Ah summer. One of my most favorite times of the year. Mainly due to one word - Vacation! A word that brings joy to us all! Whether it’s a trip to the lake, camping in the mountains, or flying across the country, I just love being able to explore our world. But for many of us, traveling with young children can raise a certain level of uneasiness.
Traveling anywhere with kids can be difficult. From the time zones to the airplane ride, kids can be thrown off their routine in a matter of hours. Your kids won't be on a set routine like they are at home, but you can still manage their sleep with a few slight adjustments. Pour yourself a tall glass of iced tea and settle in for some summer traveling tips that can help make your vacation with the little ones a bit easier.
1. Lower Your Expectations: As you envision your perfect vacation with your little one sleeping peacefully beside you, you might want to change your thoughts. And Fast. More then likely, you will be disappointed, especially if you travel to different time zones. Traveling is one of the most common reasons children regress in their good sleep habits. Give yourself permission to enjoy the trip and not be extreemly strict with your child's sleep schedules as you are at home. Setting lower expectations of their sleep habits will allow for room to prosper. If you have to put them down for that nap in the stroller, go for it. If you have to be out later to make your dinner reservations, do it! Your baby will be fine if you put them down a little after their normal bedtime. Let it happen and enjoy the time you have with your family. You can do damage control when you get home.
2. Pack with a Purpose: On the airplane, bring a clean shirt for you, your baby and anyone within spitting distance of your child. Because their inner ear canals are so small, many babies and young children experience discomfort during take-off and landing. Expect to nurse, offer a bottle or pacifier during these times to ease the pain.
3. Nap, then Fly: For most of us, we are at the mercy of the airlines flight times. Ideally, you should fly after your baby has had a good morning nap. But, if that is not possible, go with the flow. Flying with a baby is stressful enough. Trying to get a baby (especially one that is over sixteen weeks) to nap en route is nearly impossible. Even if the baby does fall asleep, he will inevitably be awakened after 10 minutes when the captain introduces himself over the PA system.
4. Go Native: There is no sure-fire way to get your baby to sleep on his usual schedule (if he has one) during vacation. Getting him onto “local time” as soon as possible, however, can help. If you arrive in Rome at 6 p.m. from Florida (12 p.m. EST), break out the pajamas and start your bedtime routine and do your best to help your baby sleep through the night. If you land in San Francisco at 2 p.m. (11 a.m. EST) let your baby take a nap before bedtime and break out the p.j.’s when the California clocks say it’s bedtime.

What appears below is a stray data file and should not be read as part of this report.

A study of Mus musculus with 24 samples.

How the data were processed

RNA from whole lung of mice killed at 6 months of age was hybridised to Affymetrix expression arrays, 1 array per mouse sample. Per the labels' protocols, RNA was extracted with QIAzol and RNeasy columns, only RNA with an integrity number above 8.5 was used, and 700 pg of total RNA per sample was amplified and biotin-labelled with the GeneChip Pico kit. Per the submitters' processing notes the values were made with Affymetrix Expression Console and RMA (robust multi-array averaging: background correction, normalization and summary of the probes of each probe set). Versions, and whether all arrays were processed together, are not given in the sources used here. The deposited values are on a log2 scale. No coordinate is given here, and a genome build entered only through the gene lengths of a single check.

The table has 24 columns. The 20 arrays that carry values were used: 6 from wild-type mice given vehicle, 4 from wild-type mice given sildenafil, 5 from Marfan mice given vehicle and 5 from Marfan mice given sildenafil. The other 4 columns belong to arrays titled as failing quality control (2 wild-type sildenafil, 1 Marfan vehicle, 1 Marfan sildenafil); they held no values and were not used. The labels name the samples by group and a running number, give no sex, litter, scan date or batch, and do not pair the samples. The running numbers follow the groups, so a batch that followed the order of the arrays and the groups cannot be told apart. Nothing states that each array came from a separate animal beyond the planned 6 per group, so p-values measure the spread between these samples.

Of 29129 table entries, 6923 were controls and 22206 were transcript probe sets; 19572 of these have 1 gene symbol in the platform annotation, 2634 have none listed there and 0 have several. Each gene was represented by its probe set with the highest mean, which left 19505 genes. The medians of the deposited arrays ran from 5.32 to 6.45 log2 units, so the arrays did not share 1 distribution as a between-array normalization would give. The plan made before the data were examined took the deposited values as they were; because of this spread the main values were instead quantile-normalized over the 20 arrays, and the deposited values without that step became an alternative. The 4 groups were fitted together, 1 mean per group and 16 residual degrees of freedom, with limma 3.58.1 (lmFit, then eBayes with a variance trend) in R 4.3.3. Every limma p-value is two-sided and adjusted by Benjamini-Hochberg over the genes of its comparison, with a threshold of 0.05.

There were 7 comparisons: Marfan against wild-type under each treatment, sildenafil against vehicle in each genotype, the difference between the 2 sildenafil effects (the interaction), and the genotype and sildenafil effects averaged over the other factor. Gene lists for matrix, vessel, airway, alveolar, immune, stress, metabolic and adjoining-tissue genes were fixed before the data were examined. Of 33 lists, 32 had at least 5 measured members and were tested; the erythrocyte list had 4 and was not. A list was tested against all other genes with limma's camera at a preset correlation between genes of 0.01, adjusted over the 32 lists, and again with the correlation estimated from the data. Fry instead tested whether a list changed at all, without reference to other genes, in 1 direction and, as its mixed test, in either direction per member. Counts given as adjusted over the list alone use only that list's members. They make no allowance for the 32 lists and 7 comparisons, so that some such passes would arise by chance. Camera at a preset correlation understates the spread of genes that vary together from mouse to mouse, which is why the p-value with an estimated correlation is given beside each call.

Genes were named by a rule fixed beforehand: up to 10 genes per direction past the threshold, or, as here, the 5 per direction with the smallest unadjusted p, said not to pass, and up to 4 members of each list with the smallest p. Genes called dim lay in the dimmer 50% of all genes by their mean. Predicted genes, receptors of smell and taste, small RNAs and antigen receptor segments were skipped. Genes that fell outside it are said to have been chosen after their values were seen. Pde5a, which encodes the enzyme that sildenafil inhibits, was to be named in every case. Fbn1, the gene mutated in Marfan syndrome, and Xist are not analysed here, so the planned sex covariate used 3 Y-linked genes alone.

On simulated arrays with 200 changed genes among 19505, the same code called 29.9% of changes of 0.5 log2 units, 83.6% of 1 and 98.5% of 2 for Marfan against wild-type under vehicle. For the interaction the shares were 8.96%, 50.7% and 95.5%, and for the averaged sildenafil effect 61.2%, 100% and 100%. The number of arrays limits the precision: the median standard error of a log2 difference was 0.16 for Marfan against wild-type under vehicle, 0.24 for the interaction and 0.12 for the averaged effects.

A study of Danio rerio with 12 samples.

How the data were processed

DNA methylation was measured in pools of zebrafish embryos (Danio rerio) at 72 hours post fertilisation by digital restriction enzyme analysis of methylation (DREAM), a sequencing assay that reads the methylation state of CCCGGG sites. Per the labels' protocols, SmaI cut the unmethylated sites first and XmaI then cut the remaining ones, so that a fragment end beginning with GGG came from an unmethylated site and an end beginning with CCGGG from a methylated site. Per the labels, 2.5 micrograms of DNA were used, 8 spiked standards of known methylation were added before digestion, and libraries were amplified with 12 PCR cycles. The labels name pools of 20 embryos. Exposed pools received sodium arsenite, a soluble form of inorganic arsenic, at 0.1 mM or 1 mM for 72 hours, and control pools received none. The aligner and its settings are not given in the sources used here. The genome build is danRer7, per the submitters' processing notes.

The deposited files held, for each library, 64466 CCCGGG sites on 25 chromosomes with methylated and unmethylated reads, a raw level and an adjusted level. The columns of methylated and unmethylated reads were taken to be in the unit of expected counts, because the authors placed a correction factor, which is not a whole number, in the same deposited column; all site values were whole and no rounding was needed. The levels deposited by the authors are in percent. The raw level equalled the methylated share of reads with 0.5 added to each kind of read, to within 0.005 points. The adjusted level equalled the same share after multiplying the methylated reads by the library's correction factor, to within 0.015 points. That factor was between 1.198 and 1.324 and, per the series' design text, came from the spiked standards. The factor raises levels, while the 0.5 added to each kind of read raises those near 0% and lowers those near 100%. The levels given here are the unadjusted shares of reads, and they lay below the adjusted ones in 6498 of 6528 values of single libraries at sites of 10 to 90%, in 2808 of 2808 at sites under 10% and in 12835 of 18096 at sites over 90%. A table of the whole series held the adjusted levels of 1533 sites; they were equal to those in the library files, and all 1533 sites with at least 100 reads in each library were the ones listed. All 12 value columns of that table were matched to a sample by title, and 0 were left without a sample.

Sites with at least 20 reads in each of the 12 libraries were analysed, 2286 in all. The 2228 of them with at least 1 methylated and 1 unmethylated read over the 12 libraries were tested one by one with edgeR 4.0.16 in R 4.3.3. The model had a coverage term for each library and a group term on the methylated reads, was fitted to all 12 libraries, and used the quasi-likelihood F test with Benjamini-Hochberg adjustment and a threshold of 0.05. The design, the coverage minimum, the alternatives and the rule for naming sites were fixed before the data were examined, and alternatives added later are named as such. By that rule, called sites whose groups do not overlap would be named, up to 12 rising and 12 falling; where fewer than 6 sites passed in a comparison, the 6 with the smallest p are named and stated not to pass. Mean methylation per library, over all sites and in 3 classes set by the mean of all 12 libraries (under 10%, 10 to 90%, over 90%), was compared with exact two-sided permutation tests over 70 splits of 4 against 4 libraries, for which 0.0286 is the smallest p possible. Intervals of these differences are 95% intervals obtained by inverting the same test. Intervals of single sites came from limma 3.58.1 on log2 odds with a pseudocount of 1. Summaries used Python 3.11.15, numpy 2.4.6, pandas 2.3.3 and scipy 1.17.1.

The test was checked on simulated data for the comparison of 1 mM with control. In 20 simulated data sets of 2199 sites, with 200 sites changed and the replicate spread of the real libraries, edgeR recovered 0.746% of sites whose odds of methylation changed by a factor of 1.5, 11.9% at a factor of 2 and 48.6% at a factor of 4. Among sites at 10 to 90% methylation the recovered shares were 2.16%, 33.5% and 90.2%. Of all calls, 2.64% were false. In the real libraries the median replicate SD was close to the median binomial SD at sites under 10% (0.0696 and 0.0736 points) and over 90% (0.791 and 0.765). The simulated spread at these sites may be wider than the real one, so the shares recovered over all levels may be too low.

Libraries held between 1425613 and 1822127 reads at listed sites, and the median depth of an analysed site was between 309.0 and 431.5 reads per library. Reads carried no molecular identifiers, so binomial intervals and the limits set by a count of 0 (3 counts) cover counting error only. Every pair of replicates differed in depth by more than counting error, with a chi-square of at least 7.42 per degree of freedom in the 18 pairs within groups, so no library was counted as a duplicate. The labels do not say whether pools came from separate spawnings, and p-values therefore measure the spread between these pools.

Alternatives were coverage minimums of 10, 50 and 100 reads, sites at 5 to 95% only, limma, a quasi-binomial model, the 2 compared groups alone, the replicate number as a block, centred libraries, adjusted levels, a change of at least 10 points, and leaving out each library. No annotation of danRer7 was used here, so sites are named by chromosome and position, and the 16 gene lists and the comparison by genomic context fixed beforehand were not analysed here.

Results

5. Plan Ahead of Time: If you are flying into a time zone that is three hours ahead (i.e., San Diego to Washington D.C.), you can plan the week before to put your baby down to bed later each night by 15-30 minutes before you leave to get him “used to” the new time zone. I have found, however, that doing this can also backfire: leaving you with a baby who is sleep deprived and cranky before the plane takes off. Every baby is unique and responds differently, so you will have to know the temperament of your child ahead of time before trying this out. And always remember, most babies (ages birth-12 months) will wake up early, regardless if you put them down later the night before.
6. Accept Your New Status: Remember secretly (or not so secretly) hating the couple on the plane with the screeching baby? How you vowed, if you ever had a child, your little one would never scream, yell, or cry during a flight. Well, guess what? You are now officially one of “those people”. So go with it. Traveling is often loud, boring, cramped and uncomfortable. Unlike adults, who tend to smile through it all, babies aren’t scared to tell it like it is. Don’t add to the stress by trying to keep your baby from disturbing fellow passengers. Let your baby blow off some steam, especially if he is tired. Trying to keep him quiet is exhausting and fruitless. Read your magazine and eat your peanuts, as if a screaming baby was the most relaxing experience ever.
7. Create a “Home Away From Home”: Babies thrive off routine. Bringing some familiar items from home can help reassure your baby during the stress of travel. It isn't necessary to go overboard on this idea. Just items that trigger cues for sleep and comfort such as a bedtime CD you play, a lovey or blanket they use while sleeping, or a sound machine you can easily plug in when you settle into your new home away from home. If your child is use to a dark room, bring an extra dark sheet with you and some duct tape and cover those windows.